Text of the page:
Before becoming one of the most renowned mathematicians (and physicists) in history, Frenchman Blaise Pascal demonstrated an amazing aptitude for higher mathematics. While still a teenager, he wrote an essay that elevated him as one of the most brilliant and promising mathematicians of the time in the eyes of his colleagues. Despite his fragile health and short life – he died at the age of 39 – he left his mark on the history of physics as well as computer science.
The precociousness of Pascal (19 June 1623 – 19 August 1662) is even more surprising when one discovers that during his first years of training he had no access to the discipline of mathematics. The young Blaise was instructed at home by his father, a respected mathematician, who forbade him access to any mathematical text until he turned 15 years old. This censorship intensified the interest of young Blaise, who began to teach himself mathematics. Thus, at the age of 12, he demonstrated that the sum of the angles of a triangle is always equal to 180°. Faced with the evidence, his father finally relented and gave him a copy of Euclid’s The Elements.
At the age of 14, Pascal was already attending meetings of the “academy” of polymath Father Mersenne, which brought together distinguished mathematicians in the priest’s cell to discuss and exchange ideas. And when he was barely 16 years old, he revealed all his talent with the aforementioned Essay on Conics (1639), in which he enunciated what has come to be known as Pascal’s Theorem or the Hexagrammum Mysticum Theorem.
From games of chance to the search for faith
This was the early start of a professional career steeped in achievements, discoveries and contributions, which was to reach its climax in 1654 thanks to a professional Parisian gambler, Antoine Gombaud. Forced to leave a game of chance unfinished, he turned to Pascal to determine the fairest way to distribute the pot. The question aroused the mathematician’s interest and led him, in collaboration with Pierre de Fermat, to establish the fundamental laws of probability – a process in which he introduced the so-called Pascal’s Triangle.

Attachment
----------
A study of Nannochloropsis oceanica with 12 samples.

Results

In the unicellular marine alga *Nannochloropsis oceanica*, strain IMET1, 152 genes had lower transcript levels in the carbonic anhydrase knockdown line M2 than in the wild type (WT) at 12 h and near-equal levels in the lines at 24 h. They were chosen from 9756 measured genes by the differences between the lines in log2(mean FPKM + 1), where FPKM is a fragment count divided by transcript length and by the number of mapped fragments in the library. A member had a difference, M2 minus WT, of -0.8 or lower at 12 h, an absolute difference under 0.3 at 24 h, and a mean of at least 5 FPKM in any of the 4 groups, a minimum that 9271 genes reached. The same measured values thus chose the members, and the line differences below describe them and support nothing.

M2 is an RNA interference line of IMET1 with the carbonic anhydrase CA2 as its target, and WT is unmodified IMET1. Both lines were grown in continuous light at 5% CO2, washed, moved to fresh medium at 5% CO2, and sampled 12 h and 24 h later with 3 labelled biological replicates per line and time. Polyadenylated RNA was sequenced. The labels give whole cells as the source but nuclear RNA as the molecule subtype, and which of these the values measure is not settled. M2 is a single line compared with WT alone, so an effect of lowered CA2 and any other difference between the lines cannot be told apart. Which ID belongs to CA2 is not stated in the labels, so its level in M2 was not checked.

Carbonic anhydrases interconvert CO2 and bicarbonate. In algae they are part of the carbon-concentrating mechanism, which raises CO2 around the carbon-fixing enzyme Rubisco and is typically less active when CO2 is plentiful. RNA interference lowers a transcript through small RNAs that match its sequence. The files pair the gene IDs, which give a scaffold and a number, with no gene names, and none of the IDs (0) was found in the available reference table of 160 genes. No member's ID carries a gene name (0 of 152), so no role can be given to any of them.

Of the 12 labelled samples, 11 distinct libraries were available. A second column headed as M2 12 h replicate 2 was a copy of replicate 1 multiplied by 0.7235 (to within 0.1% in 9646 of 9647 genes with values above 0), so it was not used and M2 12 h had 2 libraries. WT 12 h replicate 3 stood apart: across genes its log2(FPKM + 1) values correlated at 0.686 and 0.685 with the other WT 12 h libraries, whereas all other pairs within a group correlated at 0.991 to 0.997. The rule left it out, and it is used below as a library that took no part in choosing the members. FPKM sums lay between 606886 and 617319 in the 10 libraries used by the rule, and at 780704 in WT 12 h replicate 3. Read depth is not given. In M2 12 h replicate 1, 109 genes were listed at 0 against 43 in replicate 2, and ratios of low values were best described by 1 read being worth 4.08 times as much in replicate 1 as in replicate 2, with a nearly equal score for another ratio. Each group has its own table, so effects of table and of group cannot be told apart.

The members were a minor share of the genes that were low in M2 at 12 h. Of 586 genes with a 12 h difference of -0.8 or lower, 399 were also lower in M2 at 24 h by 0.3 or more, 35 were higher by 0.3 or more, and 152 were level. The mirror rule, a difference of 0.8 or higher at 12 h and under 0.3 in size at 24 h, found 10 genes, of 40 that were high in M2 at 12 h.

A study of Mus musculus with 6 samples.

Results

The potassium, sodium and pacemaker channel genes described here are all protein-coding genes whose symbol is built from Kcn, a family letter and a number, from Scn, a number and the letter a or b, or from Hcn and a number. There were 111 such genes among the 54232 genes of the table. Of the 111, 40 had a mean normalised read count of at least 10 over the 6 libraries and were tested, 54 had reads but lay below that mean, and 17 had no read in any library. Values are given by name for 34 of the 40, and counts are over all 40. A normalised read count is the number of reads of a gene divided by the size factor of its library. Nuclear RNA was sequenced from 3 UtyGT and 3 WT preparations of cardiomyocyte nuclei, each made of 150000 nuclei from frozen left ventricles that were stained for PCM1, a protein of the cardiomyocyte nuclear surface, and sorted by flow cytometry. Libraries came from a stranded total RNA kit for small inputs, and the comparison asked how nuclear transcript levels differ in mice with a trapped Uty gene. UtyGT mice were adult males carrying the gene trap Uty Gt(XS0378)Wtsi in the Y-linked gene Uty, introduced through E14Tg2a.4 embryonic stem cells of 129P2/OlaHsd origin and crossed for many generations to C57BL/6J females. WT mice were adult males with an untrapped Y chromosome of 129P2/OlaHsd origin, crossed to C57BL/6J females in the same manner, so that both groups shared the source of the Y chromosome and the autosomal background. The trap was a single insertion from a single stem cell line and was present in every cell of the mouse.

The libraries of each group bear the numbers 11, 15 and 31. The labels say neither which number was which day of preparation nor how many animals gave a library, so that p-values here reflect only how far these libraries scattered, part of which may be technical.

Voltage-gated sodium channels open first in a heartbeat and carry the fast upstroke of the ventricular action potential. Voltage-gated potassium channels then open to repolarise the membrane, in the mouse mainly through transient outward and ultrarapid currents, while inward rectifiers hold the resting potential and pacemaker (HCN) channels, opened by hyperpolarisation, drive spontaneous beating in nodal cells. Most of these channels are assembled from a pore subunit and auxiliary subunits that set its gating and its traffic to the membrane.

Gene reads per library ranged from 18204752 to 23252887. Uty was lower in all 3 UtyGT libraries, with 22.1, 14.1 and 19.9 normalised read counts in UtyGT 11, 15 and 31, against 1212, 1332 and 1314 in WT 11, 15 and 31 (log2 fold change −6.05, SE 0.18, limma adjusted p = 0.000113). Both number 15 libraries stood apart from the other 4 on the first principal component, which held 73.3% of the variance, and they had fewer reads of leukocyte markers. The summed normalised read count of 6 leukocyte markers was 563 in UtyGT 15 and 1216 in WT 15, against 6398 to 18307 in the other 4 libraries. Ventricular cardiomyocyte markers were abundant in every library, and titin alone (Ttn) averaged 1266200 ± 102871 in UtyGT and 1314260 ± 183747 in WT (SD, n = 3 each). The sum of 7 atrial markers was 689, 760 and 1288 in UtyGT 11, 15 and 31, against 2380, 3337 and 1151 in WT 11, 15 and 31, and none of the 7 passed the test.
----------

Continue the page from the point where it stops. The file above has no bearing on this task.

Based on an idea that was revolutionary at the time (when a coin is flipped, it is equally likely to come out heads or tails), they founded a new branch of mathematics: the theory of probabilities, which is now applied to a multitude of questions in the most diverse fields, from climatic or epidemiological models to the prediction of stock market fluctuations.
Pascal was so enthusiastic about the possibilities offered by this new mathematics that he even became convinced that with it he could justify the need to believe in God, the essence of faith. According to Pascal, “the excitement that a professional gambler feels when he makes a bet is equivalent to the amount he can win multiplied by the probability of winning it”; and this led him to argue that since the potential prize of eternal happiness has an infinite value, then religion, the need to believe, is nothing more than a form of infinite excitement. Ironically, that same year, in 1654, and shortly after experiencing what he described as a profound mystical experience of conversion, Pascal decided to consecrate his life to Christianity and confined himself to the convent of Port-Royal.
But before that, Pascal’s name had resonated throughout the continent thanks to a prodigious invention, the Pascalina, the fruit of years of dedication. In 1642, Blaise Pascal had begun work on an instrument that would facilitate his father’s work as commissioner of finance in Rouen, a position that obliged him to spend much of his time making tedious calculations involving enormous sums of money for which he could only be helped by the abacus. Only a few months later, young Blaise (who assisted his father in this task) built the first mechanical calculating machine – or one of the first and, without doubt, the most sophisticated.
Father of the Pascalina, godfather of PASCAL
During the following years he would continue working on the device in his eagerness to perfect it, completing up to 50 different models; in 1649 he obtained a “privilege” (the equivalent of a patent at the time) on the machine. Finally, in 1652, he gave the first public demonstration of his invention in Paris, whose fame spread throughout France and the rest of Europe. In essence, the Pascalina consisted of a box, the interior of which housed a complex set of gears, wheels and cylinders that were driven through a collection of rotors located on one of the sides. When they were turned, the calculation mechanism was activated and the result appeared in the form of digits in some displays or windows located in the upper part of the box.
Because of this invention, Blaise Pascal is considered the father of calculation machines, precursors of the first computers; and that is why, in 1970, the Swiss electronic engineer Niklaus Wirth named the programming language he had just created PASCAL, which was the gateway to computing for many students at the end of the 20th century. But his scientific legacy actually has much more to do with physics than with computers; Pascal (Pa) is also the name of the unit of pressure of the International System (1 atmosphere = 101,325 Pascals) in recognition of that momentous work, which led him to investigate how atmospheric pressure varies or to enunciate Pascal’s Principle and apply it to inventing the syringe and the hydraulic press.